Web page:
A tram pauses at a stop near Tooth's (later Carlton) Brewery, 1957
In the photo above, taken in 1957, a tram pauses at a stop near Tooths (later Carlton) Brewery before heading on up Broadway to Dulwich Hill, dropping students along the way at the University's City Road entrance. Another tram approaches, on its way to Circular Quay; and alighting and waiting passengers take refuge from passing traffic in the tramway safety zone. Motorists cursed them, trams and safety zones and stray passengers as well.
Generations of Sydneysiders went to work each day by tram and most would have caught trams like those in the photo. Officially called O class cars but better known as "toastracks", they were introduced in 1908 and were the mainstay of the Sydney Tramway System for the next 50 years.
O class cars had timber crossbenches for the passengers and a footboard for the conductor who moved along it, taking money and returning tickets and change. There were open compartments at each end, great on a fine day, not so good on a cold, wet winter's day. Passengers could pull down canvas blinds to get some protection but conductors were stuck outside. Covered by heavy black oilskins, they edged their way along slippery footboards, pulling up blinds and leaning into compartments to collect fares and dish out soaked tickets. It was dangerous work, in fine weather let alone wet, and there were many fatalities over the years, when they slipped or were knocked off by passing cars.
Others to risk life and limb on toastracks were the paper boys who swung along the offside footboard carrying large bundles of the two morning or the two afternoon newspapers. They were supposed to be 14 years or older and to hold a permit from the Department. In practice, many had no permit mainly because they were only 11 or 12. Paper boys were often scruffy and bare-footed. It was part of the mystique. They would jump off in between stops and, alarmingly, leap from one tram to another, going in the opposite direction. They were young and agile, however, and more survived than you might imagine.
A double tram picking up a passenger in City Road on its way to Earlwood
The photo above, taken in 1950, shows coupled cars − a double tram − picking up a passenger in City Road on its way to Earlwood. Next stop the Uni. These are P class cars which came into service in the 1920s and, like the O's, would operate almost to the end of the System's lifetime. They, too, were toastracks but offered passengers, if not conductors, more protection from the weather. It would take the introduction of R class cars in the 1930s, corridor trams, to bring conductors inside.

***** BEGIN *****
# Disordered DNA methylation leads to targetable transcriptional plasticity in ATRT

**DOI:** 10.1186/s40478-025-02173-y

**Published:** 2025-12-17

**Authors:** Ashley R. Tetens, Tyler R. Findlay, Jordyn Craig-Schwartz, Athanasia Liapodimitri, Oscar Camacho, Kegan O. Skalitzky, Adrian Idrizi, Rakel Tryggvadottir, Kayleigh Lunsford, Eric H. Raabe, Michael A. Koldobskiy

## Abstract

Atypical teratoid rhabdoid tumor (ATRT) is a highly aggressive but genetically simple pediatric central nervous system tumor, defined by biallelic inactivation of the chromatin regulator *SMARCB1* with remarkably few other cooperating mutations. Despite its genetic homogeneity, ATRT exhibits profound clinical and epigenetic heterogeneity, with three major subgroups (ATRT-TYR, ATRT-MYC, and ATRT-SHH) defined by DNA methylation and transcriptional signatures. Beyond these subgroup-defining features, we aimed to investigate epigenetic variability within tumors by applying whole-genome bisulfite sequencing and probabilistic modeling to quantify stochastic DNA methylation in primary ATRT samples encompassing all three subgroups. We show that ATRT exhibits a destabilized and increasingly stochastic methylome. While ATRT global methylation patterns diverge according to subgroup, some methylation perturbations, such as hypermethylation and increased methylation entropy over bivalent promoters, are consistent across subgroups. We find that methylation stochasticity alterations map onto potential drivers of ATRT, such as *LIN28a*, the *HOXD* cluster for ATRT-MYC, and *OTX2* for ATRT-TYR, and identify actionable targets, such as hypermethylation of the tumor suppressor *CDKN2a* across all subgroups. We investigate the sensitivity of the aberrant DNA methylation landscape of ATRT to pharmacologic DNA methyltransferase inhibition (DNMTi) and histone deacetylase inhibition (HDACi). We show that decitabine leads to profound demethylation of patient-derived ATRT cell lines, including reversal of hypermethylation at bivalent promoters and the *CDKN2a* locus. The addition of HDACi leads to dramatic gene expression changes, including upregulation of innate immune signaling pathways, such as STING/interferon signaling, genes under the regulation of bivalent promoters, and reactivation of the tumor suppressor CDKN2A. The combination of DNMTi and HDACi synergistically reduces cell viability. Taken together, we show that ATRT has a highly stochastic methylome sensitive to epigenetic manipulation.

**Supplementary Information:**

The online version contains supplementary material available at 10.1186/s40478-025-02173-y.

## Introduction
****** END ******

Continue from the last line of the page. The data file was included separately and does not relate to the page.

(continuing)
Collected, as seen below, are examples of the destination signs. Colour-coded and with symbols such as circles, crosses and diamonds, the destinations could be identified from a distance, well before the words could be read. It was a good idea.
Examples of the destination signs
The photo below, of Railway Square in 1916, gives a glimpse of the way trams once dominated the Sydney scene. Annual patronage of Sydney trams built to a peak in 1945 when over 400,000,000 journeys were recorded. Soon after, however, the System went into a steady decline. Power shortages at the time didn't help trams and there was increasing competition from buses. In the early 1950s, tramway authorities were still advertising for tram drivers and conductors who, according to the ads, would have "a job for life" but, from the mid-50s, lines closed regularly. And then it was all over. The last Sydney tram ran in February 1961.
Railway Square in 1916
Newspapers were solidly in favour of the move. Trams were old-fashioned, they said. Buses were the way of the future. Half a century later, it's not so obvious. Certainly, where tram lines ran along the narrow streets that are common in Sydney, trams and safety zones were a big headache for traffic. But a number of lines ran along a right-of-way, clear of roads, and on these, it was easy to understand the expression shooting through like a Bondi tram. And as people-movers, most buses don't come close to trams. A double toastrack had seats for 160 and, jam-packed, could carry 300.
Not that trips on jam-packed trams were comfortable − or all that safe. The photo below was taken in Elizabeth Street City during an evening peak hour in 1948 − hence the Mercier cartoon (see below). Emile Mercier was an institution here in the 1950s, through his daily cartoons in the Sun. He captured the flavour of Sydney at that time better than anyone.
Elizabeth Street City during an evening peak hour in 1948
For the nostalgic and those who never knew Sydney trams, I can recommend a visit to the Tramway Museum in Loftus, and of course trams, now called light rail, have been making a modest comeback in this City, as they head out again from Central.
Photos are from the collections of D.R. Keenan, the Department of Main Roads, the Government printing Office and John Fairfax and Sons Ltd. Sources were:
- David R. Keenan, Tramways of Sydney, Transit Press (1979); City Lines of the Sydney Tramway System, Transit Press (1991).
- The Sydney Tram, Ed. H.R. Clark, Transit Press (1988).